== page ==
Indian Bollywood actor Aamir Khan attends the poster launch of his biographical sports drama “Dangal”, directed by Nitesh Tiwari (L) and produced by Siddharth Roy Kapur (R), in Mumbai on July 4, 2016. (AFP/Getty Images)
Producer Siddharth Roy Kapur Wednesday said that Indian cinema is yet to have its “Crouching Tiger Hidden Dragon” moment where a domestic film crosses over to be embraced by the world, writes Radhika Sharma.
Kapur said he believes only a film that is rooted in Indianness will be able to have an impact all around the globe.
The media mogul also said that Indian films need to go beyond the NRIs.
“We have to admit the fact that we have not had an Indian movie that has crossed over yet. ‘The Lunchbox’ did great business in the US and Europe. But we haven’t had our ‘Crouching Tiger And Hidden Dragon’ moment at the this point of time. I feel in the next five years it’s going to happen.
“But it will happen with a very rooted film. It will not happen where we are trying to design a film to crossover. It will happen with a film that’s uniquely Indian that’s loved and enjoyed all around the world,” the producer said.
He was speaking at IFFI Film Bazaar 2018’s Knowledge Series in-conversation session ‘Crafting A Brave New World’.
The producer added Indian films are ready to be “exported” beyond the Diaspora and the success of “Dangal” and “Secret Superstar” is a huge example.
Kapur, who recently launched his production banner Roy Kapur Films, said though he is not in the showbiz with the objective of creating stars, he would not mind doing that.
“I hope to (create a star) in future but creating a star is not the stated objective. I just want to make good movies. If a film requires us to launch a new face, we will do that. But it has to be the need the story. It can’t be the other way around. I’d rather do it organically than have a mission to launch stars.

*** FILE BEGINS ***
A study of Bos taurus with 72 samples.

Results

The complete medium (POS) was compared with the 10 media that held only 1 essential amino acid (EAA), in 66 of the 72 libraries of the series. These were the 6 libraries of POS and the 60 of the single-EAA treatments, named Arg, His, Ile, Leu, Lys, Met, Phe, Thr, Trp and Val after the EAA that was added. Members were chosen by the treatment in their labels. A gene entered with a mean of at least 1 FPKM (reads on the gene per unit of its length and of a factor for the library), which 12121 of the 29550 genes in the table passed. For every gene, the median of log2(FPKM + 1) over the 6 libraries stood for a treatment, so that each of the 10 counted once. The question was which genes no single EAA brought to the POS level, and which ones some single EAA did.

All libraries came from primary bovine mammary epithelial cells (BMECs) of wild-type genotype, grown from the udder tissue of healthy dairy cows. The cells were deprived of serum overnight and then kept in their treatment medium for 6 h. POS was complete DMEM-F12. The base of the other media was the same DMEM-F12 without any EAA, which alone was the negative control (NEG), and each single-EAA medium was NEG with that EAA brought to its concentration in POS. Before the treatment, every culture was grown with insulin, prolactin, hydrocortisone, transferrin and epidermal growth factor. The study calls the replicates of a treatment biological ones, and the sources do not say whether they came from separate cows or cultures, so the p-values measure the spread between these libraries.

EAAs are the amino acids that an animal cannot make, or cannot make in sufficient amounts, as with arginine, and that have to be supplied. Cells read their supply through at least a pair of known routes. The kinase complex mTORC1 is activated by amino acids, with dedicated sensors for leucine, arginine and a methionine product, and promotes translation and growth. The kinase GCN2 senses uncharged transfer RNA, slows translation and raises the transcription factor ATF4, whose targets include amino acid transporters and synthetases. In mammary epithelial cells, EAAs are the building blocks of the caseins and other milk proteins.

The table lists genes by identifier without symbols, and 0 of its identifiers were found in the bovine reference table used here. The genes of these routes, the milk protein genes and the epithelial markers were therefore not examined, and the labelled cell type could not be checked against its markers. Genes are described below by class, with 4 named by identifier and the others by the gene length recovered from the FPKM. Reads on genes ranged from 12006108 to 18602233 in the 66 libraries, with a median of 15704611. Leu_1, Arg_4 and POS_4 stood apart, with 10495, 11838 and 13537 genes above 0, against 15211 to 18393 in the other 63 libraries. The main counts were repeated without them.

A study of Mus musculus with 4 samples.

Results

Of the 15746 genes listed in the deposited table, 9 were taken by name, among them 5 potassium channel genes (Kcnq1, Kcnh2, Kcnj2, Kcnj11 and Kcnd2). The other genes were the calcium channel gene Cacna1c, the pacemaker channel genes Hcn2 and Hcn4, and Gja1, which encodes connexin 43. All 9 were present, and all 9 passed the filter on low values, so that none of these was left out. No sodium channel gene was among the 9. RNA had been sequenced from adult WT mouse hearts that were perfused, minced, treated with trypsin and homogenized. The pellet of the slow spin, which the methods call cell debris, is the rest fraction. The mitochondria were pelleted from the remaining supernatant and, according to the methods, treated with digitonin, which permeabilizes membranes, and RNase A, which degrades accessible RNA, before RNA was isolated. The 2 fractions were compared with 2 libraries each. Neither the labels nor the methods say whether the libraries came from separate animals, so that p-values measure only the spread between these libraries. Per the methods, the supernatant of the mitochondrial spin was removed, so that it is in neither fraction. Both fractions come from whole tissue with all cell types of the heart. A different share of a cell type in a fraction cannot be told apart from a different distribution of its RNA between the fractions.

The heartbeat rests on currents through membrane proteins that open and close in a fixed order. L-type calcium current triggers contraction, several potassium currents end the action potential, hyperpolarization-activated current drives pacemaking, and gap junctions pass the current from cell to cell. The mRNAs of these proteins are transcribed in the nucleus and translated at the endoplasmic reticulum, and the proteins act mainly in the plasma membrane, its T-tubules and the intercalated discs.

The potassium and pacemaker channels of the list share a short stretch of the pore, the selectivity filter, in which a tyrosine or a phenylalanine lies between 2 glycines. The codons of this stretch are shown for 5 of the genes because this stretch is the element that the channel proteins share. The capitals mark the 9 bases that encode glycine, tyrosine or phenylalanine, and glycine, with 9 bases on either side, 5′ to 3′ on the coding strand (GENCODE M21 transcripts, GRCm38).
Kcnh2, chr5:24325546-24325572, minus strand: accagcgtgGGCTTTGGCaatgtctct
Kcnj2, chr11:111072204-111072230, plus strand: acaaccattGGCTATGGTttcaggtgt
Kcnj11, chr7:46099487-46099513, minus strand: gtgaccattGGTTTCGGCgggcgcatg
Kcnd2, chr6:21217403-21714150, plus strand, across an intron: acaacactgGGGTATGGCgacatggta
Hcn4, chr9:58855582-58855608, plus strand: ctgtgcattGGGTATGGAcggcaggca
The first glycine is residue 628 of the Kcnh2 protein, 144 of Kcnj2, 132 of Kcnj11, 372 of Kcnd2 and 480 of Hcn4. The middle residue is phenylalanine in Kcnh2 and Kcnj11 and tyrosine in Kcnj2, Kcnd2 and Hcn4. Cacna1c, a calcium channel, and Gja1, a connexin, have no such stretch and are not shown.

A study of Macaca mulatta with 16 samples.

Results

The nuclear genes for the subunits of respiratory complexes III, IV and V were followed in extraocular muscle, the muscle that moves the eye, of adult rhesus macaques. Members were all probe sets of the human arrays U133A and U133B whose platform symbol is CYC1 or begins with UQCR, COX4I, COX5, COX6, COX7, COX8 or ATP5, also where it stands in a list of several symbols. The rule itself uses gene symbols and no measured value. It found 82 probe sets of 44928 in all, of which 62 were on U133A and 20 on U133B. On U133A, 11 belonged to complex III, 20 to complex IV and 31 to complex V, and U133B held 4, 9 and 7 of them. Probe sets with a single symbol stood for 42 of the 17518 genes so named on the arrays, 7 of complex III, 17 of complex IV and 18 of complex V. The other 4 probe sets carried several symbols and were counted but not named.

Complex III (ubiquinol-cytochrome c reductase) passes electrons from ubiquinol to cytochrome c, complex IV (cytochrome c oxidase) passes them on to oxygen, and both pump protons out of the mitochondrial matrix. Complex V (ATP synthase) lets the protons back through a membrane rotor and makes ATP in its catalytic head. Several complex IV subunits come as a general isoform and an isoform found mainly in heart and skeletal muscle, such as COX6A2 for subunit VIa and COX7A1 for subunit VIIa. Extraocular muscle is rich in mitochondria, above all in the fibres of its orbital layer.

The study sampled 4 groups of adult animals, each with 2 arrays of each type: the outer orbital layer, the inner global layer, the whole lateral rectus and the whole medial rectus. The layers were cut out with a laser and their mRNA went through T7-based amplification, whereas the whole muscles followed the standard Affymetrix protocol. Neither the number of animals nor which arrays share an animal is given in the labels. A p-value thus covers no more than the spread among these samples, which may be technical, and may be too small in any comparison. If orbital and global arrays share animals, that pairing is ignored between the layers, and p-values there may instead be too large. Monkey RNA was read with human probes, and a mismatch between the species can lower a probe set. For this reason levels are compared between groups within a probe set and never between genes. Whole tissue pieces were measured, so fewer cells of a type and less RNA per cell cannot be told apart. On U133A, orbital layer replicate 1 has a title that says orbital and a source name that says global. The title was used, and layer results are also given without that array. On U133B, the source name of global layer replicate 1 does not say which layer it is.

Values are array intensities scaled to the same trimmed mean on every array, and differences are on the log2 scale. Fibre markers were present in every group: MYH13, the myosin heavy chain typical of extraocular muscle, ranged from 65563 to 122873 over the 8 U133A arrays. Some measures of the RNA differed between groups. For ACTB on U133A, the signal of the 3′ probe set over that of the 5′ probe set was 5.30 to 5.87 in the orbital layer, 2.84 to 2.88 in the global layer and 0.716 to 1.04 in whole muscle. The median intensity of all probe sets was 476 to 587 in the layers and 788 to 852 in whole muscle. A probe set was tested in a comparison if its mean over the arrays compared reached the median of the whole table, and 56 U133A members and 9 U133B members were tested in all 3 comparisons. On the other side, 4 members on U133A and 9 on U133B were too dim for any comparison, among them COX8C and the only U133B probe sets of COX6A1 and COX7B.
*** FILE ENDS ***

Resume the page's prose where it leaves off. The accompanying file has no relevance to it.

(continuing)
“Our industry tends to be the one where the power equation tends to shift into the favour of the stars. Some of these economics, even to a studio as successful as Disney has been in the US, doesn’t make any sense and frankly they should not make sense to any one of us in the industry and I’m so glad that the films that are not star based are working well.”
The producer said a good script with a star is still a lethal combination in India and it is not something that is going to change.
“Having said that tastes have broadened today that films with non stars and with great script are doing much business that they have done in the past. And that’s great. It’s not that the audience is not going to watch a film that doesn’t have a star in it.” Kapur admitted India continues to be star-dominated market, but his statement came with some caveats.
“India is still a star-driven market. The lessons we should not take away from this year are that stars don’t work. That’s not true. I think a bad script with a star will not work, has not worked. Except for the times when some of the films that Mr Bachchan did in the ’70s in which he could just land on the screen and you could watch him do anything,” he said.
When moderator Liz Shackleton, Asia Editor, Screen International, pointed out that this was before social media, Kapur agreed with her with a smile.